Swelling caused due to pooling of lymph fluids is known as lymphedema. It is usually the result of an injury to the lymphatic system or happens on account of its dysfunction. Primary and secondary lymphedema are the two types of the condition. Secondary lymphedema is an acquired condition, usually as a result of surgery to remove the lymph vessels or lymph nodes or as a side effect of cancer treatment. Primary lymphedema is genetically inherited by the individual, and is much less common than secondary lymphedema.
In the United States, the largest number of lymphedema secondary cases is those individuals who have had breast cancer surgical treatment for the removal of lymph nodes. These patients may experience some extent of lymphedema symptoms in the upper extremities, generally in the hands or the arms. The other cause of secondary lymphedema could be some kind of a severe infection that mostly affects the legs of the individual. Filariasis, a parasitic infection caused by mosquitoes is another source for secondary lymphedema in the tropical lands. Presently, there are about 250 million cases of lymphedema existing around the globe.
Sometimes, intake of certain medicines may prompt an attack of lymphedema. The medication may cause blood clots or deep vein thrombosis in the legs. In case of cancer survivors, the onset of lymphedema might be triggered on a plane flight due to the sudden change in pressure levels. Patients must be aware of these issues and take precautionary measures which include wearing the compression garment even while travelling.
The swelling present in the affected limb may be a cause for severe discomfort. In severe lymphedema cases, the condition may deteriorate to such an extent that the body becomes disfigured and disabled. Skin infections usually worsen lymphedema. However, the ailment can be managed and controlled with the help of treatment that includes manual lymph drainage, use of compression garments, massage and bandaging. Additionally, the patient must exercise regularly and a skin care routine must be strictly followed.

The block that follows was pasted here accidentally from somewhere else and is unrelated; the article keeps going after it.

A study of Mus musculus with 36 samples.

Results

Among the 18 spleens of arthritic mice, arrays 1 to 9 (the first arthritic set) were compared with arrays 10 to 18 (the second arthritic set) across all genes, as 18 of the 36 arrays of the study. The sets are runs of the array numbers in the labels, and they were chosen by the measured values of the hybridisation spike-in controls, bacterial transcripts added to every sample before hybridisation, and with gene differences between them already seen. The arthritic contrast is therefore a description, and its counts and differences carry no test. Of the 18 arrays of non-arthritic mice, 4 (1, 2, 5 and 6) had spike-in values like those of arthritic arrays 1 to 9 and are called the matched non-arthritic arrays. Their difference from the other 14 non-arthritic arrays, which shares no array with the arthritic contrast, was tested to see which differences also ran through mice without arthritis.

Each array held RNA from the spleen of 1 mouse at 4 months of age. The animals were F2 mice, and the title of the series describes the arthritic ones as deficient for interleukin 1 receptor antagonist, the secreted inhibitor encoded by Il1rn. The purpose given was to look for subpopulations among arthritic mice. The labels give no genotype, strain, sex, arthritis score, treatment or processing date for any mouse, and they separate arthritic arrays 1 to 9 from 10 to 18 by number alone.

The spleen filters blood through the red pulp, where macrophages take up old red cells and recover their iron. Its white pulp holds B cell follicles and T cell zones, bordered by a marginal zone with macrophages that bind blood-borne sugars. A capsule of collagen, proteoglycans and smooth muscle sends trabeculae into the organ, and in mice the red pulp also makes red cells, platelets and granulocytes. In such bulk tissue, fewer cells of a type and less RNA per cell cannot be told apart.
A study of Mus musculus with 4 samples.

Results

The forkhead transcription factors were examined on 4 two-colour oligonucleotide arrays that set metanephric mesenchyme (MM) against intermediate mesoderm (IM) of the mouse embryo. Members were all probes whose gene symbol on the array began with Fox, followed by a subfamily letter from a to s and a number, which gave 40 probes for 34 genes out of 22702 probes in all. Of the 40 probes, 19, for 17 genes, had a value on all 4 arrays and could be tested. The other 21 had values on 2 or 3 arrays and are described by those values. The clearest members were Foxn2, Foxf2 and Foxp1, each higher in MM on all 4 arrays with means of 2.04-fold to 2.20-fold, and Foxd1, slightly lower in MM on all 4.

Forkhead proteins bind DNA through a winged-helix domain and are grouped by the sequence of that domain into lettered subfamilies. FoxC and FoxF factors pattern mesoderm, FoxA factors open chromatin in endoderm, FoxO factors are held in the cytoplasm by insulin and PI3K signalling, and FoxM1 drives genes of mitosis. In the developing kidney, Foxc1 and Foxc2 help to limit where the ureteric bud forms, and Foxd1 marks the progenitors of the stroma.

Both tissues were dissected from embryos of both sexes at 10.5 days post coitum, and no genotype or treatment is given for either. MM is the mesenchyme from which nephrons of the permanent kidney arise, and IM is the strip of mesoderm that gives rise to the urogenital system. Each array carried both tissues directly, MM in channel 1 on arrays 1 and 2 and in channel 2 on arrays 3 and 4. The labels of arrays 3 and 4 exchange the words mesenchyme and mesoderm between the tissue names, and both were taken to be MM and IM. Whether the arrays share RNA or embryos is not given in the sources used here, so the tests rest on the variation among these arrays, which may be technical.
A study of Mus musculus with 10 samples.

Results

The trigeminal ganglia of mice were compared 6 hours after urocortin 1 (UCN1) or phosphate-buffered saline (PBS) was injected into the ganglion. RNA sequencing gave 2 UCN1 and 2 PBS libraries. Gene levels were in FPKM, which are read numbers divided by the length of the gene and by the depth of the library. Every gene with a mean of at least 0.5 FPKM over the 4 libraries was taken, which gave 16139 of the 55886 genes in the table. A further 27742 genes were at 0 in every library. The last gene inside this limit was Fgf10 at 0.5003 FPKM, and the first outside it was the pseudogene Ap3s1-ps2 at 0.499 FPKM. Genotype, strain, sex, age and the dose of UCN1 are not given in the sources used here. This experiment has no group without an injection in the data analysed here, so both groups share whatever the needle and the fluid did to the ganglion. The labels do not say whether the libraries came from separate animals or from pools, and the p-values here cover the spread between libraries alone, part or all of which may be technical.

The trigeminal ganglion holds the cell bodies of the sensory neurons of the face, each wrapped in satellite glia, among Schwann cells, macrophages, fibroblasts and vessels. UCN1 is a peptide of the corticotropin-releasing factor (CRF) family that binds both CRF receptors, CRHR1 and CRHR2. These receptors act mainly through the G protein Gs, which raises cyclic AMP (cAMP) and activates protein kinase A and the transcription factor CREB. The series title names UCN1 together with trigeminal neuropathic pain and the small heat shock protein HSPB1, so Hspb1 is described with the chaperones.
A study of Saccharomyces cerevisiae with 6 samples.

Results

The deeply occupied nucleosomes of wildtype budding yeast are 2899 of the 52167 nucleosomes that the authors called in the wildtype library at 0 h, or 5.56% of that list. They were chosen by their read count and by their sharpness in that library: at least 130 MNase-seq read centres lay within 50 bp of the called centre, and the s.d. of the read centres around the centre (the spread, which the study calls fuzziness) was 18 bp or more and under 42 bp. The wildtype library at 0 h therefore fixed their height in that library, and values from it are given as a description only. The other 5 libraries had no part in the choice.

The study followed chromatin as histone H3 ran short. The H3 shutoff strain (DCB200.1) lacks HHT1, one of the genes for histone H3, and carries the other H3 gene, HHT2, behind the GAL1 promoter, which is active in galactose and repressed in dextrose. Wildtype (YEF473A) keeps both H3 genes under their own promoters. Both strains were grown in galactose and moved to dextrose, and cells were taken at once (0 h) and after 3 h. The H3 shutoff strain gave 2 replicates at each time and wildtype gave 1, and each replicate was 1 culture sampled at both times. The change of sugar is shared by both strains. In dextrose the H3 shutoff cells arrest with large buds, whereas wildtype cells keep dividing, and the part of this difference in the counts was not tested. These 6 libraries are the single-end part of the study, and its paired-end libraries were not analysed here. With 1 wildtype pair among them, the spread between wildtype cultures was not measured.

Patients at a high risk of secondary lymphedema must remain alert to any initial signs of the disease. Obvious symptoms can be severe fatigue, swelling localized in one area, especially limbs, fluid retention or discoloration of the skin. A tiny cut or a bruise may cause a swelling. The patient may sometimes find that rings and bracelets become suddenly tight or that the limb feels unusually heavy.
Secondary lymphedema can be divided into three broad categories. The initial stage of the condition is easily reversible with quick diagnosis, treatment and medication. In the later stages, the condition gets out of hand and the limbs might swell to a huge size as a result of total blocking of the lymph channels. This may lead to complete disfigurement and discomfort. Before this happens, the patients must always consult the doctor for advice. It becomes easier to manage the ailment from the early phase itself.